Monday

20th Jan 2020

Germany to phase out nuclear energy by 2022

  • Roettgen: 'It's definite. The latest end for the last three nuclear power plants is 2022' (Photo: Nicholas Sideras)

The German government announced on Monday (30 May) it will shut down all of its nuclear power plants by 2022, calling the move "definite".

The decision, which would make Germany the first major industrial power to give up on atomic energy, came after painful discussions between the two governing parties, the centre-right CDU of Chancellor Angela Merkel and the liberal FDP.


Under the planned phase-out, the seven old nuclear plants taken off-grid following the nuclear crisis in Japan's Fukushshima plant in March will remain out of action. Another nuclear plant, Kruemmel, out of action for years due to technical problems, will also not be put back online.

Six additional nuclear reactors will be mothballed by the end of 2021, while the country's three newest plants will follow in 2022.

The decision represents a spectacular u-turn for Chancellor Merkel. At the end of 2010, she had promised, in the face of popular outcry, to extend the life of Germany's 17 reactors until the mid-2030s.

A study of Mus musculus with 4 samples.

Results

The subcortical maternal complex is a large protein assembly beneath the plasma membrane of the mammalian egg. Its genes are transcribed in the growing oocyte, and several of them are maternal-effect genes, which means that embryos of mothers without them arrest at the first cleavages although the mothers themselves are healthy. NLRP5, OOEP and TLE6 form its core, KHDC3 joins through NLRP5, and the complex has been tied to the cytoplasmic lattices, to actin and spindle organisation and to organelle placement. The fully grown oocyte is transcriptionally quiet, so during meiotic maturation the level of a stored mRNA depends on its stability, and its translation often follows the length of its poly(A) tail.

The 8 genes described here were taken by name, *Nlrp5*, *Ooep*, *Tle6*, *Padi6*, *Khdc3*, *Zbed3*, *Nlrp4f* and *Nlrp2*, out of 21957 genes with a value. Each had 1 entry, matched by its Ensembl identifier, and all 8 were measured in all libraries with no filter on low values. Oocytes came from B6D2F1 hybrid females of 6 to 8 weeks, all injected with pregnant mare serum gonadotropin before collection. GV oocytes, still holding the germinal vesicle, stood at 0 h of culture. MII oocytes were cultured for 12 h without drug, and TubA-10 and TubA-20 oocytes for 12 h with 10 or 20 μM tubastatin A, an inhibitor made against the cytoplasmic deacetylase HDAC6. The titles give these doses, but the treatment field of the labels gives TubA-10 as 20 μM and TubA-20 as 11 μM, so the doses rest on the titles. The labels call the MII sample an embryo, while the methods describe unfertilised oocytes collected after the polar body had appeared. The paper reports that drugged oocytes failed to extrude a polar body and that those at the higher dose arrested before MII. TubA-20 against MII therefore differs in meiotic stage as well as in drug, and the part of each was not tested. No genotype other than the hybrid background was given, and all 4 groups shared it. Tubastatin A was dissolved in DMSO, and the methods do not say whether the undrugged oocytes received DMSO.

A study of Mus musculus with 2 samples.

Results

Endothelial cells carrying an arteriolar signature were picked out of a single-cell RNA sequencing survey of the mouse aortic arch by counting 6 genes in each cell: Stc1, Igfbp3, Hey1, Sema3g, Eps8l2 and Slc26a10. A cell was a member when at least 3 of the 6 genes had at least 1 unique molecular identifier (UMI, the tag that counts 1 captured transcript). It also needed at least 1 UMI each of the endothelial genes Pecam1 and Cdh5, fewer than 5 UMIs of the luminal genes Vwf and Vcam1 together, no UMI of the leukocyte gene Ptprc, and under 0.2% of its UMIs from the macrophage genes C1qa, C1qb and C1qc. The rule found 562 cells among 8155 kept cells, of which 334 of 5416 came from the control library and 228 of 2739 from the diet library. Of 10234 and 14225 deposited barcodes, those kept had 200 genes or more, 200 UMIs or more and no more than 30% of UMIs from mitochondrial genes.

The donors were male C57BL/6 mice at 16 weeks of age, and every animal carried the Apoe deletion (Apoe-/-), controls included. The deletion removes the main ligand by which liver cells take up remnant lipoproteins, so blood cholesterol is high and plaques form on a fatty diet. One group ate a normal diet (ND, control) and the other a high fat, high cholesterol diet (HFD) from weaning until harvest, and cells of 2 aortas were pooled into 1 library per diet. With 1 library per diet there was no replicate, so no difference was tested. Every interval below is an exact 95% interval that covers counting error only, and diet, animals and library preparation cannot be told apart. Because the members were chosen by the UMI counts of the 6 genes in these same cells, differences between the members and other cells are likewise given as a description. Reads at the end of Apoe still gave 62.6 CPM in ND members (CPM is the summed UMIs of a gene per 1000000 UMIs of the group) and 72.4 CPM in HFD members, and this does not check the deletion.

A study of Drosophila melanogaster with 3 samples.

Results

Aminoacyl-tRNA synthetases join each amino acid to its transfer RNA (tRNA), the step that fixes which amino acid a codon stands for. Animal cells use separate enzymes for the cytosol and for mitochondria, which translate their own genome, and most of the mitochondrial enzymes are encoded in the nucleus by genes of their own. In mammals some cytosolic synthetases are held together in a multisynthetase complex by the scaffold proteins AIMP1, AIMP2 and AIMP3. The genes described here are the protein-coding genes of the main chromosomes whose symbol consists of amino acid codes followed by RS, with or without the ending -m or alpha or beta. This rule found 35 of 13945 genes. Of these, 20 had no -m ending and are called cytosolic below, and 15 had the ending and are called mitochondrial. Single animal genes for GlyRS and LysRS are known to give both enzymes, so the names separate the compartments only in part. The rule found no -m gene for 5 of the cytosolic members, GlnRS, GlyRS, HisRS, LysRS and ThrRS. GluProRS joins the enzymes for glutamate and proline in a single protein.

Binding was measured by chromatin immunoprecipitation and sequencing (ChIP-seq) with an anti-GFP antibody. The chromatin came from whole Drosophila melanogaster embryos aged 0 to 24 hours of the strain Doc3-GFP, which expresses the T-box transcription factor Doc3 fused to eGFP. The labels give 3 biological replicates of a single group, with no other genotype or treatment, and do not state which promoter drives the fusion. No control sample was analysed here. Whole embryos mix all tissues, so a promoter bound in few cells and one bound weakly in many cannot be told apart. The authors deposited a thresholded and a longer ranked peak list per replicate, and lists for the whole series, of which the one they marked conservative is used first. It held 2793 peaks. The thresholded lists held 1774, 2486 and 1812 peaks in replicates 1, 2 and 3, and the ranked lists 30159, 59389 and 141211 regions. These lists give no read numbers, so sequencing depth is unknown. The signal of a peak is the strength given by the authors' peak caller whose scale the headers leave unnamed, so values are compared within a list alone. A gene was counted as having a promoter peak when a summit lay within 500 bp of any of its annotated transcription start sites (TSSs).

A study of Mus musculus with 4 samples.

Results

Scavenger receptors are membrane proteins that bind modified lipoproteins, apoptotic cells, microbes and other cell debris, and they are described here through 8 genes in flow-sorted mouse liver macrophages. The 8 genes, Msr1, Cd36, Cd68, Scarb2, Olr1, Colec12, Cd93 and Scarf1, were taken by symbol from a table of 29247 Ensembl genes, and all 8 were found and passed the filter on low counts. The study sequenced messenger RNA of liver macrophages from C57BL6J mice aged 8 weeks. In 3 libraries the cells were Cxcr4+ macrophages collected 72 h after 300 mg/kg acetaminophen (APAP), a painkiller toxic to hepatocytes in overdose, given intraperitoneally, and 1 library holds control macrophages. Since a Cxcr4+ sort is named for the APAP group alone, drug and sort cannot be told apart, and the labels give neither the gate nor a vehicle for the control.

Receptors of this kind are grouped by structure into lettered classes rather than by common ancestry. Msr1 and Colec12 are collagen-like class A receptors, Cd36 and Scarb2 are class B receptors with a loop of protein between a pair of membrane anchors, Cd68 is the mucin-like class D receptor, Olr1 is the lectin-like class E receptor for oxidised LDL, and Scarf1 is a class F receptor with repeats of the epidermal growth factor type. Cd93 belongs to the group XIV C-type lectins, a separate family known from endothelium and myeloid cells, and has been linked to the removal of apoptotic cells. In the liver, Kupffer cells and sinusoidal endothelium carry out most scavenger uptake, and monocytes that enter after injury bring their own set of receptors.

However, the grave problems at the Fukushima plant following the earthquake and tsunami in Japan saw German voters clamouring for reassurance about Germany's plants.

Merkel agreed to a review of nuclear policy but her back-and-forth stance on the issue is widely seen to have cost her at the ballot box in state elections.

The most recent setback occurred last week in Bremen where the anti-nuclear Greens came second, pushing Merkel's CDU into third place.

The nuclear phase-out will mean that Germany has to find other sources for the 23 percent of its energy provided by nuclear plants.

However, environment minister Roettgen sees great economic opportunities in taking the non-nuclear path.

"If we can manage this process intelligently, we will be able to increase Germany's competitiveness enormously and reap enormous pay-offs for the economy," he told the Financial Times recently.

"Everything we have to invent will provide an opportunity for our engineers to live out their ingenuity – efficiency technologies, or renewable energy technology itself."